Inflation stays in check for LI and region
Inflation wasn't a problem last month despite the worries of some consumers, according to a new report.
The federal Bureau of Labor Statistics said Wednesday its consumer price index climbed 1.1 percent in July from a year earlier in the 31-county region that includes Long Island. The last time prices rose so little was October 2009, when they were unchanged from 2008.
The index increased 1.6 percent in June, year over year.
Month over month, prices dropped 0.2 percent in July compared with June. It was the second consecutive decline of 2012.
Martin Kohli, chief regional economist at the statistics bureau, said higher food prices were offset by declines in some energy commodities, notably gasoline. However, pump prices have surged in recent weeks.
Gasoline cost 5.2 percent less in July than a year earlier. It also was down between July and June.
Groceries were more expensive, rising 2 percent last month from a year earlier. Uncooked beef roasts and steaks, apples and fresh vegetables were among the items costing more, Kohli said.
Health care costs increased the most, up 5.5 percent from July 2011, followed by clothes, which were up 3.6 percent.
At the Sunrise mall in Massapequa, some shoppers said they hadn't seen a letup in prices. "Everything seems to keep going up: milk, bread, gas, movie tickets, vacations -- you name it," said Juan Mendes, 57, a plumber from Copiague. "My paycheck gets stretched more and more each year."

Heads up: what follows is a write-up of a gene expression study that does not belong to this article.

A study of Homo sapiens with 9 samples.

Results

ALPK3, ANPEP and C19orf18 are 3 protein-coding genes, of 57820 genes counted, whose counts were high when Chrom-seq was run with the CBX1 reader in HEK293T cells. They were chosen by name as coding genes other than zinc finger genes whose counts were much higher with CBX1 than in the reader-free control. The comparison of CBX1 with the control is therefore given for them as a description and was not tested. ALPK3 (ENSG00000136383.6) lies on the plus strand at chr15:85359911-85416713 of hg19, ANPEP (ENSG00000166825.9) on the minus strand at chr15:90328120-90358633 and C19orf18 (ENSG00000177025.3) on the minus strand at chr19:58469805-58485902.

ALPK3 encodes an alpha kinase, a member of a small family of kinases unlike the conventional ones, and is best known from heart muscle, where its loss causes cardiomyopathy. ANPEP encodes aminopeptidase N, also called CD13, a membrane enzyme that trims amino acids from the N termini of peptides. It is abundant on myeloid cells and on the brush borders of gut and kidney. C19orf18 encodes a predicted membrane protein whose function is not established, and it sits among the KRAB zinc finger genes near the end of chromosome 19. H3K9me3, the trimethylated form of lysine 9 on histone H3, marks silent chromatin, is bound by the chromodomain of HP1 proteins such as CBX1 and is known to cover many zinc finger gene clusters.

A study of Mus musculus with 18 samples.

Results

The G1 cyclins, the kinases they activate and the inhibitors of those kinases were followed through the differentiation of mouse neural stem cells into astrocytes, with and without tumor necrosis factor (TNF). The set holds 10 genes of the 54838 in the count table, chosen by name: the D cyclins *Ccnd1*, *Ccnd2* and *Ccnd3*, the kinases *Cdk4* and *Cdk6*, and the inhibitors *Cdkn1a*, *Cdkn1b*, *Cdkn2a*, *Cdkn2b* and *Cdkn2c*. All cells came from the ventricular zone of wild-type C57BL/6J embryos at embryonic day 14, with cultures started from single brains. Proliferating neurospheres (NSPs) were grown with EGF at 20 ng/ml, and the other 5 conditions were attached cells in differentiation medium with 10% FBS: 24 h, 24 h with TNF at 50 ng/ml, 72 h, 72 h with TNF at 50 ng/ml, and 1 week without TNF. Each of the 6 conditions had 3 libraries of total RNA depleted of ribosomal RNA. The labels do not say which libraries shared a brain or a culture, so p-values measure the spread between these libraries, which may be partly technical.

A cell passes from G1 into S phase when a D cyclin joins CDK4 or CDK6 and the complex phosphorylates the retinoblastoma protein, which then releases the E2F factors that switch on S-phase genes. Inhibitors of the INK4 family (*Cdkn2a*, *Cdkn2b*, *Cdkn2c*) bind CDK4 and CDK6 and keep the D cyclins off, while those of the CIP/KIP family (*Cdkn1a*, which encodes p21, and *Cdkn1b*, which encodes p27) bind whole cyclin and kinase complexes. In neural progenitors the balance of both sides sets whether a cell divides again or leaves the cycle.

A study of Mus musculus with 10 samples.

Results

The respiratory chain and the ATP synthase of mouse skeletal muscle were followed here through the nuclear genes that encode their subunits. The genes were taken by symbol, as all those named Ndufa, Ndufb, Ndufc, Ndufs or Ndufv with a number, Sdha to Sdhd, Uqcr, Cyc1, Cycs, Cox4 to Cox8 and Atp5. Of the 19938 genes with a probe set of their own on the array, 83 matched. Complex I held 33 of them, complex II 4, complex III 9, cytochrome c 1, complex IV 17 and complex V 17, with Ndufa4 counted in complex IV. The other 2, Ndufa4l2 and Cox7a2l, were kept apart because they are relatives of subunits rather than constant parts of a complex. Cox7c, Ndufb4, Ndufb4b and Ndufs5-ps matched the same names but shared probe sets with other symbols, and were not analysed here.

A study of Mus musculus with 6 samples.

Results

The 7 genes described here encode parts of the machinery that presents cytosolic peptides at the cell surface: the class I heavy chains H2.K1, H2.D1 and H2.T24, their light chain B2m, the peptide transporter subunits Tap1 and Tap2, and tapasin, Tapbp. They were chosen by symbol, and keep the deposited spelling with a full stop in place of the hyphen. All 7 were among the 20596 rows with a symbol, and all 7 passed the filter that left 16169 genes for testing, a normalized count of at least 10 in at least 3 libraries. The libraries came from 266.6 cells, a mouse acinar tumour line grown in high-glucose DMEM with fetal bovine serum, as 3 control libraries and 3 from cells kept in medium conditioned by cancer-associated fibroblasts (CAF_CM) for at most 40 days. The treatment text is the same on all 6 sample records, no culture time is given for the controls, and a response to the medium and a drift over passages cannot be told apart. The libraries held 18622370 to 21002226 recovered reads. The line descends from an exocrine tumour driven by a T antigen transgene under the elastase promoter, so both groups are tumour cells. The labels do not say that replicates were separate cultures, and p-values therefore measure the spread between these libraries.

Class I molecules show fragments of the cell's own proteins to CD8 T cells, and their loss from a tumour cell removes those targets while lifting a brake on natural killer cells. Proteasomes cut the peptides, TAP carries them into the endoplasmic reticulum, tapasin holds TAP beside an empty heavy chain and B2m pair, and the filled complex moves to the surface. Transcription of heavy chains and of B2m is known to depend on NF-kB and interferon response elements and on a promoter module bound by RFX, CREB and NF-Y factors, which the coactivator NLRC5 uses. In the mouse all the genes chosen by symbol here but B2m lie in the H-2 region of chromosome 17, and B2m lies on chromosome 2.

Excluding food and energy, the metropolitan area's price index edged up 1.8 percent in the past year.
Nationally, the annual inflation rate was 1.4 percent in July, the smallest year-over-year change since November 2010. Excluding food and energy, the rate was 2.1 percent.
"Inflation is probably close to its low point for the year," said Kevin Logan, chief economist at HSBC Bank. "In the coming months, drought-related food-price increases along with recent oil-price increases will feed through to the consumer level, lifting the overall rate of inflation back closer to 2 percent by the end of this year."
Separately, the state Taxation and Finance Department released data for July for shopping activity on Long Island. July sales-tax receipts climbed 1.5 percent in Nassau County from a year earlier and were down 1.6 percent in Suffolk County.